I run in the mornings, before I go to work. It's a nice route; a loop that goes between Barnes Rail Bridge and Hammersmith Bridge. If you'd told me during the period when In Cathedral's Shadow is set, Autumn of 1996, that I'd be a runner some day, I would probably laughed at you. All my friends would have laughed at you too, I imagine. That was more a time of fried food, packs of Marlboro Lights, and thinking that an entire bottle of tequila was appropriate 'pre-gaming'.
But now I run. Four or five days a week. I get grouchy when I don't. And while in the winter I run in the evenings, in the spring and summer I love to run in the mornings, when I have the light to myself. On the far side of the river it's wooded; an emerald tunnel that later in the day will be a parade of dog walkers and cyclists and families and other runners who are all faster than me. If I'm out early enough, I'll have it mostly to myself. It wakes me up. Jogs my brain loose. I'll think about writing and the future. Or I'll dwell on the past, play out a memory from beginning to end. It's like reading on the tube; it makes the journey quicker.
The other morning, as I ran past the St Paul's School boathouse, a smell hit me. It was not the stench of tidal silt from the river bed or the odour of another runner, but instead a smell that dragged me back over 20 years, to when I was going to school in Notting Hill, when I first started staying out too late and drinking under age with friends. It was the smell of a Ginster's Cornish pasty, fresh from the 24-hour 7-Eleven between Portobello Road and Bayswater's microwave. I have no idea how that smell found its way to an empty path on the river at 7am on a Tuesday morning, but it was unmistakeable. I shook my head and looked around, hoping to find someone tucking in to a pasty breakfast under the shade of a tree by the Thames, but there was no one.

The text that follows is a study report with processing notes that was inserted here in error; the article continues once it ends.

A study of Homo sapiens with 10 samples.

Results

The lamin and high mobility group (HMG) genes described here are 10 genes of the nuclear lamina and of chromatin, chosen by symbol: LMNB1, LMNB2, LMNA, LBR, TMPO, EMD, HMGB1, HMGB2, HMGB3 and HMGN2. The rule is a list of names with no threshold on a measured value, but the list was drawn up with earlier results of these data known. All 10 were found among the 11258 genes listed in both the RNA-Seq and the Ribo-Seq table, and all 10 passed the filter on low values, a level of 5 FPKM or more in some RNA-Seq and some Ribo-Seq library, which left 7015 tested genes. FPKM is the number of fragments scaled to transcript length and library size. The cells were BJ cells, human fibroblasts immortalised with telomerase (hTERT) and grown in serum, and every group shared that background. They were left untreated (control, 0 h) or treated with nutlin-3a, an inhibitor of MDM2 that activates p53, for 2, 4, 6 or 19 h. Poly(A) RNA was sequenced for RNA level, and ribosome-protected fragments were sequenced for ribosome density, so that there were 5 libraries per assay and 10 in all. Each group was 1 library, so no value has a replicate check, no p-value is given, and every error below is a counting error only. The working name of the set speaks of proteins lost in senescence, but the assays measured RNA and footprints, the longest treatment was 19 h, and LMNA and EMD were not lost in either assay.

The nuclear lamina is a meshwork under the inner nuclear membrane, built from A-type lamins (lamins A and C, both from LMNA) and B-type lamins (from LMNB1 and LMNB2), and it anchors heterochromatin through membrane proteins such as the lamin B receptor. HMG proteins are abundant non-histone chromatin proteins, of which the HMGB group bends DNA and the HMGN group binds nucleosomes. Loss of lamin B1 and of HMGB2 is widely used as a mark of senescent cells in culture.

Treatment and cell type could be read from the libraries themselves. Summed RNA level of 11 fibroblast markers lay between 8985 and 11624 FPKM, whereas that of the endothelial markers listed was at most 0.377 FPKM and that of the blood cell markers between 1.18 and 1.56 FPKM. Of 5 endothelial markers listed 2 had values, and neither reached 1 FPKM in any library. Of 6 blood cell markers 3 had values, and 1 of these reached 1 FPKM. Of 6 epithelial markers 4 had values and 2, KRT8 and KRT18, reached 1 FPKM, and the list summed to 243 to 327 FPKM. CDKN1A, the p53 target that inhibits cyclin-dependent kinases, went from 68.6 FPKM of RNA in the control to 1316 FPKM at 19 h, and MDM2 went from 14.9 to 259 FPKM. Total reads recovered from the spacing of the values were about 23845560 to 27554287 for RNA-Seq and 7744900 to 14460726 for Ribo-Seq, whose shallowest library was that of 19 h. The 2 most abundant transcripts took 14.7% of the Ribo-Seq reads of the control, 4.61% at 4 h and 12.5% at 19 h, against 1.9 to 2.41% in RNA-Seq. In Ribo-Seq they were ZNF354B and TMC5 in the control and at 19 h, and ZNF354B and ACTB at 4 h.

I ran on, the last mile and a half flashbacks to a childhood in London; a Boston boy displaced.
It's bizarre. I've had a fair few pasties since my youth, and never have they brought back such memories. I think it's something you can't be thinking of to get. Like throwing yourself at the earth and missing. I know a wine that brings me to France in August with one sniff, and a spot on the Lizard Peninsula in Cornwall where the seawater crashes on the rocks and I'm back in St Andrews with a blink. Sometimes the whiff of rain on hot asphalt brings me to a squall in the afternoon in Key West.
It fascinates me, so simple a sense dragging you out of place and time. In Cathedral's Shadow experiments with this, tugging the main character through centuries in his mind, memories real and made up. It's not a pasty that does it in the book, though.